Elon Musk’s short-lived effort to take Tesla Inc. private after his infamous “funding secured” tweet in August 2018 has loomed over the billionaire’s reputation — and his quest to buy Twitter Inc.
Now, a series of text messages that Musk exchanged with Silicon Valley friends, investors and the managing director of Saudi Arabia’s Public Investment Fund during that saga have come to light as part of an ongoing shareholder lawsuit. The texts provide a window into how Musk operates as he once again attempts — almost four years later — to take a publicly traded company private.
In a text-message exchange with Yasir Al-Rumayyan, the head of the Saudi PIF, an angry Musk discusses a Bloomberg News article that reported the fund was in talks to take Tesla private. The Tesla CEO was upset because he believed he’d reached a handshake agreement with Al-Rumayyan weeks earlier, in July 2018, for the fund to finance the transaction.
“This is an extremely weak statement and does not reflect the conversation we had at Tesla. You said you were definitely interested in taking Tesla private and had wanted to do so since 2016,” Musk wrote in an August 2018 text message, according to a 300-page motion filed late Friday as part of the suit. “I’m sorry, but we cannot work together.”
“It’s up to you Elon,” Al-Rumayyan responded.
“You are throwing me under the bus,” Musk wrote back.
“It takes two to tango,” Al-Rumayyan replied. “We haven’t received anything yet.”
The back-and-forth continues. Al-Rumayyan tells Musk that “we cannot approve something that we don’t have sufficient information on,” and writes that he’s been waiting for more details. Later in the exchange, Al-Rumayyan asks Musk to “read the article please.”
“I read the article,” Musk says. “It is weak sauce and still makes me sound like a liar. It is filled with equivocation and in no way indicates the strong interest you conveyed in person.”
Musk told Al-Rumayyan that Tesla would move forward with private equity firm Silver Lake, Goldman Sachs Group Inc. and other investors. The next day, however, he published a blog post citing the Saudi PIF’s interest in taking Tesla private as the reason he tweeted that he had “funding secured.”
Al-Rumayyan texted that he was surprised Musk had divulged “loose information,” despite having signed a non-disclosure agreement and after keeping the PIF waiting for specifics needed to move forward with a deal. Musk scolded Al-Rumayyan again for not pushing back against media reports about whether the Saudi fund would support the go-private transaction.
“Reuters reported that two sources from PIF confirmed no interest in Tesla, which is absolutely false, and yet you did nothing until I forced the issue,” Musk wrote.
Musk shelved the effort later that month after it became clear many large investors wouldn’t go along with it, stunning the financial world with a late Friday night blog post titled “Staying Public.”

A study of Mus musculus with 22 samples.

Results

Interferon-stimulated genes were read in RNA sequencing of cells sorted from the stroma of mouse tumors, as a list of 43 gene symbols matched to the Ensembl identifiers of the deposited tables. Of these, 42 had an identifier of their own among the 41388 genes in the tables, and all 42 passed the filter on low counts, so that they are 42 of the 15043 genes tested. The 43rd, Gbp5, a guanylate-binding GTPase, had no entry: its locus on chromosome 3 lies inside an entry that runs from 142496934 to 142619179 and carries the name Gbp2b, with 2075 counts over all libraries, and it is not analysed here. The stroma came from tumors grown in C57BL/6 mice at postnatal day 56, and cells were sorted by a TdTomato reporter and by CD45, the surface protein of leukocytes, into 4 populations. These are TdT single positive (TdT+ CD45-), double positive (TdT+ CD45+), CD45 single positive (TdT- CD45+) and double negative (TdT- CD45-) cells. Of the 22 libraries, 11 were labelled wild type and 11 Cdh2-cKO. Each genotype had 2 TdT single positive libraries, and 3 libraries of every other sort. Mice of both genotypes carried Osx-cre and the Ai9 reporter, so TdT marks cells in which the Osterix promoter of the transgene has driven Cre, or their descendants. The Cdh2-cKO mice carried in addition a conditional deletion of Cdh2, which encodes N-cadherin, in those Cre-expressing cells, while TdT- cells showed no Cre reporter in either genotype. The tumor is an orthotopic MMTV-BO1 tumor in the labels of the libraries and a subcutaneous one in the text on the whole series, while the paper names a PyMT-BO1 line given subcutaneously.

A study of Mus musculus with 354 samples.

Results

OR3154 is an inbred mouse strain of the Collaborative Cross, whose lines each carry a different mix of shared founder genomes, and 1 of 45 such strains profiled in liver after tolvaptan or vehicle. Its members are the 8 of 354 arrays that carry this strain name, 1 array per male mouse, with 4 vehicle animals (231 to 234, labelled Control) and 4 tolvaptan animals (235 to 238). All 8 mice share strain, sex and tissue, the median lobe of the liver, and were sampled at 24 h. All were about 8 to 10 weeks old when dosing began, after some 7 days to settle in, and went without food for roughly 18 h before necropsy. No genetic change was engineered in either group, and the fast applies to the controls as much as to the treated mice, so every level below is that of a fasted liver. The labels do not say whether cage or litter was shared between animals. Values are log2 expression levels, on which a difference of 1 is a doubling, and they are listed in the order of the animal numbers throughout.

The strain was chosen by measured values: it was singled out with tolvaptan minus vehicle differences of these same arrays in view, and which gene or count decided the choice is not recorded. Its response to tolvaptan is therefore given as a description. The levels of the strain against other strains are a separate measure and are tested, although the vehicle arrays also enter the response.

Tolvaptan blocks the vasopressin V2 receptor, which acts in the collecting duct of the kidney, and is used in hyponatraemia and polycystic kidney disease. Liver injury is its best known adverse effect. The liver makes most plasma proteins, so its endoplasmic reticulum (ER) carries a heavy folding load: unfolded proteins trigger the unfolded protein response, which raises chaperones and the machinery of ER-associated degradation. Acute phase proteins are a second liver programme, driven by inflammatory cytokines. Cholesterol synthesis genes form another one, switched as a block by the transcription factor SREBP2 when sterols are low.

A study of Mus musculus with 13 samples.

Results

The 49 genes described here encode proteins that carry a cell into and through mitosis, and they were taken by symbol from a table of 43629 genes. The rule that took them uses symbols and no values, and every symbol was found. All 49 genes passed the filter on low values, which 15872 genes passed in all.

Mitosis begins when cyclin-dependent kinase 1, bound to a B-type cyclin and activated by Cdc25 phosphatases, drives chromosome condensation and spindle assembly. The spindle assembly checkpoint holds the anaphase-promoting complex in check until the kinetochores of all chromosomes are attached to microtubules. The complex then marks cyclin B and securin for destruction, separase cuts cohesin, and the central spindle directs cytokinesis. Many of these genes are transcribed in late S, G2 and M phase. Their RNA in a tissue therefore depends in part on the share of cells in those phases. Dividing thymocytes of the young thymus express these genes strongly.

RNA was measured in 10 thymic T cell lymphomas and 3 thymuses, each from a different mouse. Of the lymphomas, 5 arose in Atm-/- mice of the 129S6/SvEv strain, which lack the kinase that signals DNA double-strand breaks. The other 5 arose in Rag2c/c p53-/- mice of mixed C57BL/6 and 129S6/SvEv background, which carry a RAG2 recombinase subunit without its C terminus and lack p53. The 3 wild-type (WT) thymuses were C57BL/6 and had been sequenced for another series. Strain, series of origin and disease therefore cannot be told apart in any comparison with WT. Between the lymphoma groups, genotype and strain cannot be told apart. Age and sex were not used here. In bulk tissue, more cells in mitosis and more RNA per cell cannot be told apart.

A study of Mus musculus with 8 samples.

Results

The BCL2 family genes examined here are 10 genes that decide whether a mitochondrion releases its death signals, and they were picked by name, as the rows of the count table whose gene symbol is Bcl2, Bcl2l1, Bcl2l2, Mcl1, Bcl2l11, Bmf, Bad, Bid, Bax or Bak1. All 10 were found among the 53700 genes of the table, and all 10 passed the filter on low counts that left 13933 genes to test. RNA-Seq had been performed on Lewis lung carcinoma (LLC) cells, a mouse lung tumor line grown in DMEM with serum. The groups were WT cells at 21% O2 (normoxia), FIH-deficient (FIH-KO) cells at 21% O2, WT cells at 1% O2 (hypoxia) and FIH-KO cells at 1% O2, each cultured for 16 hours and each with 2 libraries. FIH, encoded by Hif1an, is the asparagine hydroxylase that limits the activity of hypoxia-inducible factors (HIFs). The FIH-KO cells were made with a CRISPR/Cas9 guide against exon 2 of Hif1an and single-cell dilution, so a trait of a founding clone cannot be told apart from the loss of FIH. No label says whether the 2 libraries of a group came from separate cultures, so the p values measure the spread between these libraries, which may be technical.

Since then, Tesla has become profitable and built factories in Shanghai, near Berlin and in Austin, Texas. The company has indisputably ignited the shift to electric vehicles, and its $1 trillion valuation has made Musk the world’s wealthiest person.
But the investors suing Musk in federal court argue that Musk’s August 2018 tweets were “indisputably false” and cost them billions of dollars by spurring wild swings in Tesla’s stock price. The judge in the case ruled earlier this month that “no reasonable jury could find Musk’s tweets on August 7, 2018, accurate or not misleading.” Musk and his attorneys have insisted he was “entirely truthful” and are trying to appeal.
Musk also has stood by his argument that Saudi Arabia’s wealth fund had agreed to support his attempt to take Tesla private. The text messages were part of a motion filed by Alex Spiro, Musk’s lead outside attorney.
The filing includes excerpts from Musk’s deposition with the U.S. Securities and Exchange Commission, which sued Musk for securities fraud. The agency settled with Musk and Tesla, with each paying $20 million and Musk agreeing to step down as chair of Tesla’s board for three years.
Musk has repeatedly said since then that he doesn’t respect the SEC, and lashed out at the agency again Monday on Twitter.
Starting early this year, Musk quietly began acquiring a more than 9% stake in Twitter and became its largest individual shareholder. After turning down a board seat, he launched an unsolicited $43 billion offer for the company earlier this month.
Twitter has traded below Musk’s $54.20 offer price, indicating skepticism over the prospects of his acquisition bid. But after securing financing from institutions including Morgan Stanley, Musk spent Sunday meeting with Twitter executives who grew more receptive toward the offer, a person with knowledge of the matter said. The company is working to hammer out terms of a transaction and could reach an agreement as soon as Monday if negotiations go smoothly, according to people who asked not to be identified because the information is private.
While Musk has said he’s lined up $46.5 billion to fund his bid for the social media platform, the text messages from 2018 serve as a reminder that the 50-year-old billionaire also can change his mind. They also highlight that, when angered, he’ll play hardball.
The case is In re Tesla Inc. Securities Litigation, 18-CV-04865, US District Court, Northern District of California (San Francisco).